The year was 1812 and Canada was at war with the United States. Joseph Willcocks lived in the Niagara area and was a loyalist to the British Crown. He was well known throughout Upper Canada and had many connections. At one point he was the Sheriff for his district although he was fired for notoriously bad conduct. He then became the a politician and was a Member of Parliament for Lincoln/Haldimand District.
Joseph Willcocks Stirs Up Trouble
But Willcocks was not happy. The British Army treated the people of Ontario terribly. They would march into a farm or house and simply take all the food and other supplies that they needed. Land taxes were increased. Joseph Willcocks started the Freeman’s Journal newspaper complaining about the British government and the military rule they had imposed across the province. In Parliament, he tried to stop General Isaac Brock from preparing for the upcoming war. He did however, convince the Six Nations people to join in and help the British should war come to pass. But diplomacy was not one of his talents. His friend, Robert Thorpe, who was a judge in the province, once said Willcocks “did not possess a sufficiency of brains to bait a mouse trap.”
Passing Secrets to the US
War was declared in June 1812, and soon after, the Americans crossed the Niagara River to attack. The British were waiting. Joseph Willcocks reluctantly fought with the British as a militiaman in this famous battle that saw over 400 soldiers die. The great commander Isaac Brock also died in this battle. Although the British won, Joseph Willocks was still angry. He was still a Member of the Upper Canada assembly at that point and began passing secret information to the U.S Secretary of War.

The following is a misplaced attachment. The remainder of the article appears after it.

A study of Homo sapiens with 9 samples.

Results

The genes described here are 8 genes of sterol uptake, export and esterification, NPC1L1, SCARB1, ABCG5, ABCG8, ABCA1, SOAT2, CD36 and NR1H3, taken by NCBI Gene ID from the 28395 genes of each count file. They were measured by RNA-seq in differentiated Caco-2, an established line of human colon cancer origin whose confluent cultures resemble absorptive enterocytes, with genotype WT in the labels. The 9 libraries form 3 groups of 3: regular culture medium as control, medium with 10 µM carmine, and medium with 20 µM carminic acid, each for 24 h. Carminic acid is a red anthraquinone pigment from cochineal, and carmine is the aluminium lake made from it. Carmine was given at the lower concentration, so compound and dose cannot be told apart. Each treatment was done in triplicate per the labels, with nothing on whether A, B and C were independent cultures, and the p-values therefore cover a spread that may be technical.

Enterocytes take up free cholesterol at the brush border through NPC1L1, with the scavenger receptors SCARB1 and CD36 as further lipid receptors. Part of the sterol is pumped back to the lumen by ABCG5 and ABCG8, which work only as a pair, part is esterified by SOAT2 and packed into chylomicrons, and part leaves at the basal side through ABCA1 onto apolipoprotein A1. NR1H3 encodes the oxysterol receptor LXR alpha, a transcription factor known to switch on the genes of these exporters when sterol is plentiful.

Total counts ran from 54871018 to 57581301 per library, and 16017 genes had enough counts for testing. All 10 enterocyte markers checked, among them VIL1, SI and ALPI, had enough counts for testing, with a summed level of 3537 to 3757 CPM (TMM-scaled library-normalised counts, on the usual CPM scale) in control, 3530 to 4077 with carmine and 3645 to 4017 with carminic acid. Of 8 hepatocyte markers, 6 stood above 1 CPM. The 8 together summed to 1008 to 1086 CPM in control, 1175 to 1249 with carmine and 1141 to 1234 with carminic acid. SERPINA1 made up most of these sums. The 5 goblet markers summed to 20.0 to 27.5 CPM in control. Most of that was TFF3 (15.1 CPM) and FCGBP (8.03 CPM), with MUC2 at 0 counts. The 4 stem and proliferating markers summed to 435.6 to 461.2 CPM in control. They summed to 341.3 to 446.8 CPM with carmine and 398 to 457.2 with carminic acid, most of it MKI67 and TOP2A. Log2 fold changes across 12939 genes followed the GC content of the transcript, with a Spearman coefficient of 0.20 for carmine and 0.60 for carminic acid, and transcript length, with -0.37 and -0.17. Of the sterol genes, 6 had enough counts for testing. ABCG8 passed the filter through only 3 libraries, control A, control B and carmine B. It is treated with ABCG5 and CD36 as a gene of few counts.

Pillaging the Villages of Ontario
Eight months later, he crossed the Niagara River and offered to help the American forces. They made him a Colonel in the U.S. army. It was an act of high treason never seen before or since. He returned to Ontario and created “The Company of Canadian Volunteers.” They were a group of ruthless renegades that included other traitors like John Dunham. They marauded about the countryside, burning, pillaging, ransacking and scouting for the Americans. It was a monstrous treachery.
Willcocks Burns Down Niagara on the Lake
In December 1813, in a bitterly cold night, Joseph Willcocks and his volunteers entered the town of Niagara on the Lake. There, without mercy, they threw the families out onto the snow covered ground and set their houses on fire. The entire town burned to the ground and 400 people had to walk for many kilometres in the dark and in the snow, some without shoes. All without a penny or possessions. In retaliation for this barbarous act and other atrocities, the British sailed up the Potomac River to Washington DC. In the rocket’s red glare, with bombs bursting in the air, they burned down the White House. A fitting revenge for the suffering people of Niagara.
Willcocks Shot By His Neighbour
Willcocks then joined with the American Army and fought in the famous Battle of Lundy’s Lane. Later, on September 4, 1814, he took part in the attack on Fort Erie and once again tried and help the Americans defeat the British. Ironically he was shot dead by former neighbour who likely had suffered at the hands of Willcocks. Shot through the chest, Willcocks did not survive the night. Unlike most other soldiers and militiamen, he was not buried on the spot but transferred across the river to an unmarked grave in Buffalo.
You can relive this story on our Ghost Outing Adventure in Niagara Your mission is to capture this traitorous ghost and send him back to the USA.